January 16, 2019

Under Fire (1983)
Grade: 73/100

Director: Roger Spottiswoode
Stars: Nick Nolte, Gene Hackman, Joanna Cassidy

What it's about. Loosely based on a true story. It is 1979, and a civil war in Nicaragua becomes an international news story. The right-wing dictatorship of Somoza (René Enríquez) is opposed by leftist rebels led by the mysterious, never-photographed Rafael (Jorge Zepeda).

Somoza's government is based in the capital, Managua. The rebels successively take the villages surrounding Mangua, placing Somoza's regime in peril. Four Americans head to Nicaragua, where the action is. Three are journalists, and one (Ed Harris) is a mercenary paid by Somoza.

The journalists are photographer Nick Nolte, television reporter Gene Hackman, and writer Joanna Cassidy. Cassidy has a former relationship with Nolte, and a present relationship with Hackman. She breaks it off with Hackman and again becomes Nolte's lover, which of course upsets Hackman, whose ambitions of becoming a network news anchor are incompatible with Cassidy's presence in the field.

Familiar face Richard Masur shows up as a hapless press agent for Somoza.

How others will see it. Under Fire was a box office dud, but it drew positive reviews from most critics, and received nominations in diverse categories at several prestigious film festivals. The Oscars, Golden Globes, and BAFTA respectively nominated the film for Best Score (Jerry Goldsmith), Best Supporting Actor (Hackman), and Best Editing. Additionally, the National Society of Film Critics nominated the movie for Best Actress (Cassidy), Best Screenplay, and Best Cinematography.

Today at imdb.com, the movie has a modest 6K user votes, compared with the 840K user vote total of a more famous 1983 movie, Return of the Jedi. The user rating of 7.1 out of 10 is respectable, and unusually for an American movie, received most of its votes from non-U.S. viewers, who grade it slightly higher. A stereotypical American feature on the Nicaraguan Civil War would focus on the Ed Harris character, and transform him into a hero opposing murderous terrorists.

The imdb user reviews are predominantly positive, hailing the cast and the unexpected (but welcome) slant favoring the "freedom fighters." Reaganites, who despised the successor Daniel Ortega government, need not bother to watch the movie. It will only make them irate.

How I felt about it. A minor theme of the movie is the American characters' belief in their own immunity from political murder. Whether in Africa or in Nicaragua, Nolte, Hackman, Harris, and Cassidy all presume that, regardless of factional strife or immediate chaos, no harm will come to them from either the government forces or the insurgents. At least until one of them is shot.

This self-belief of invulnerability is epitomized by a scene in which a baseball-loving insurgent (Jorge Santoyo) is shot by a sniper, while standing next to Nolte and Cassidy. The normal instinct would be to flee for shelter from sniper fire. Nolte and Cassidy do not. The scene is believable only because:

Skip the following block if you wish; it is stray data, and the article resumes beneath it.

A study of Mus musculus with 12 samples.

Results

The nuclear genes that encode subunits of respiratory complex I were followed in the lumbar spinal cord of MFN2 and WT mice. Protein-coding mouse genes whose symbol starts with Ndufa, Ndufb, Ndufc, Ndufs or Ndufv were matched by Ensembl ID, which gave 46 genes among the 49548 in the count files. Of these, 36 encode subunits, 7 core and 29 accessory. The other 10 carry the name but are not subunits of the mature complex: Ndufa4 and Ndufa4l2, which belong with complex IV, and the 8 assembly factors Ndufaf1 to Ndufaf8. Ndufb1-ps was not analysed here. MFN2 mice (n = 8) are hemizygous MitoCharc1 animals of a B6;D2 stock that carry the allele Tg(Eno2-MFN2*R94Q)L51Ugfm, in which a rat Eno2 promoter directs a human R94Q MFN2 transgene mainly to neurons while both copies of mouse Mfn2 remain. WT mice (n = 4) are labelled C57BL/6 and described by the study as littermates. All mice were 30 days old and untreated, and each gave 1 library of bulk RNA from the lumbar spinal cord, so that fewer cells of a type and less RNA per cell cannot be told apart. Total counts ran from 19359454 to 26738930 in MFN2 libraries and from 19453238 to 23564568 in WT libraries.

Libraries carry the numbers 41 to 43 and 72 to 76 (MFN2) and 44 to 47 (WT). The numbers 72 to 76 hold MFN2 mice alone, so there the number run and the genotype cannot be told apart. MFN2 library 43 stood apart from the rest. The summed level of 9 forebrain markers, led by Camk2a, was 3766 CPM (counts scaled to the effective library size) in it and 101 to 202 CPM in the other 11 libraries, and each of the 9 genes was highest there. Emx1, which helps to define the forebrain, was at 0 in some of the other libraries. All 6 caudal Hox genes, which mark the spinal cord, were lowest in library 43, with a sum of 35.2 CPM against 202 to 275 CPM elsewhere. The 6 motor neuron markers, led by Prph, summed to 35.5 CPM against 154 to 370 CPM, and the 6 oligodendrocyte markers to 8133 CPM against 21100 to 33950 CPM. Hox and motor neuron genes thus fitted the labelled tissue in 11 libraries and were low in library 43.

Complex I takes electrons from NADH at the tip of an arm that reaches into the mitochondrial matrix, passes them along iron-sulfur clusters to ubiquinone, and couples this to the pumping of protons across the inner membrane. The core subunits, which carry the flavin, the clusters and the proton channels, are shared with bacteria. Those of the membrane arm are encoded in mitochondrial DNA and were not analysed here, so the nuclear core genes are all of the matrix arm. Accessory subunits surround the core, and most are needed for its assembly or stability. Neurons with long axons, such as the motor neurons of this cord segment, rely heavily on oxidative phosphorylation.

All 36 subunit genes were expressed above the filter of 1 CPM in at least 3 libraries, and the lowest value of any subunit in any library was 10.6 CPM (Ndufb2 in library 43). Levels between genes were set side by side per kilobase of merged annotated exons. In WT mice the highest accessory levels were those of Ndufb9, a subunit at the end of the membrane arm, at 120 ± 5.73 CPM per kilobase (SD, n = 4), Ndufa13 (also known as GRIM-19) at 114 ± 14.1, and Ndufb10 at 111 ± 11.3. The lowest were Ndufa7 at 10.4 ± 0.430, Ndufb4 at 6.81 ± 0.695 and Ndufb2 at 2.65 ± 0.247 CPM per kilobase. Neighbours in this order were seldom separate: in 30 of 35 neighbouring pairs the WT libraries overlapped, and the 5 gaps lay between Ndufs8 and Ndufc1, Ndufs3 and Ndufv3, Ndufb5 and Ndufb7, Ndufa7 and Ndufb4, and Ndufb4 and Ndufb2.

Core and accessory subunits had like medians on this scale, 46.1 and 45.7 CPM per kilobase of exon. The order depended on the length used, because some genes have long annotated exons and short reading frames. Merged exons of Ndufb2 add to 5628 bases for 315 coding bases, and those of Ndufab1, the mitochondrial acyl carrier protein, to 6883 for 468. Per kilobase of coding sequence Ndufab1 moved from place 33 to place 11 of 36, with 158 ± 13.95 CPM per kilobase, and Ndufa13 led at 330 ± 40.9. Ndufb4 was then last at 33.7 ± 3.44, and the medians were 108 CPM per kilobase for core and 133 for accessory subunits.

1) Nolte and Cassidy are naive Americans,
2) They are also naive journalists,
3) Their willingness to trade safety for scoops is already established, and 4) Nolte suspects that Harris is the sniper, and won't shoot Nolte out of professional courtesy. The same reason that Nolte won't turn Harris over to the insurgents.

Another curiosity is the character of Jazy. He is played by Jean-Louis Trintignant, an actor little known to American viewers, but famous among French classic cinemaphiles. Jazy seems to know that the insurgents will soon win, and that they will likely murder him, yet continues to remain in the country. It is true that he has the romantic company of Miss Panama (Jenny Gago), but saving your skin would seem to be the priority. Jazy's death, with Nolte and Cassidy as approving witnesses, is a strictly cinematic moment.

Obviously, Harris' character is symbolic, a composite of American mercenaries willing and eager to back brutal dictators in return for money. Thus, it is forgivable that Nolte keeps encountering Harris under strange circumstances.

But overall, Under Fire is a remarkably credible insight into the fall of a banana republic led by a military-backed pro-Western dictator. The story is fictional, but fact-based. An American journalist (Bill Stewart) was murdered by Somoza forces, the murder was captured on film by another American journalist and soon televised, and that Somoza fled the country (although perhaps not with Miss Panama).

Under Fire raises the question, should a journalist become impartial (e.g. take the side of the rebels) if their cause is just? Even if their government (i.e. the Carter Administration) at least nominally supports the dictator? The movie leaves no doubt as to what the answer is. Portray the rebels as the heroes, and the dictator as the villain. This conclusion was controversial in 1983, but hardly so today, with the major U.S. news networks blatantly taking either the liberal or conservative side on a consistent basis.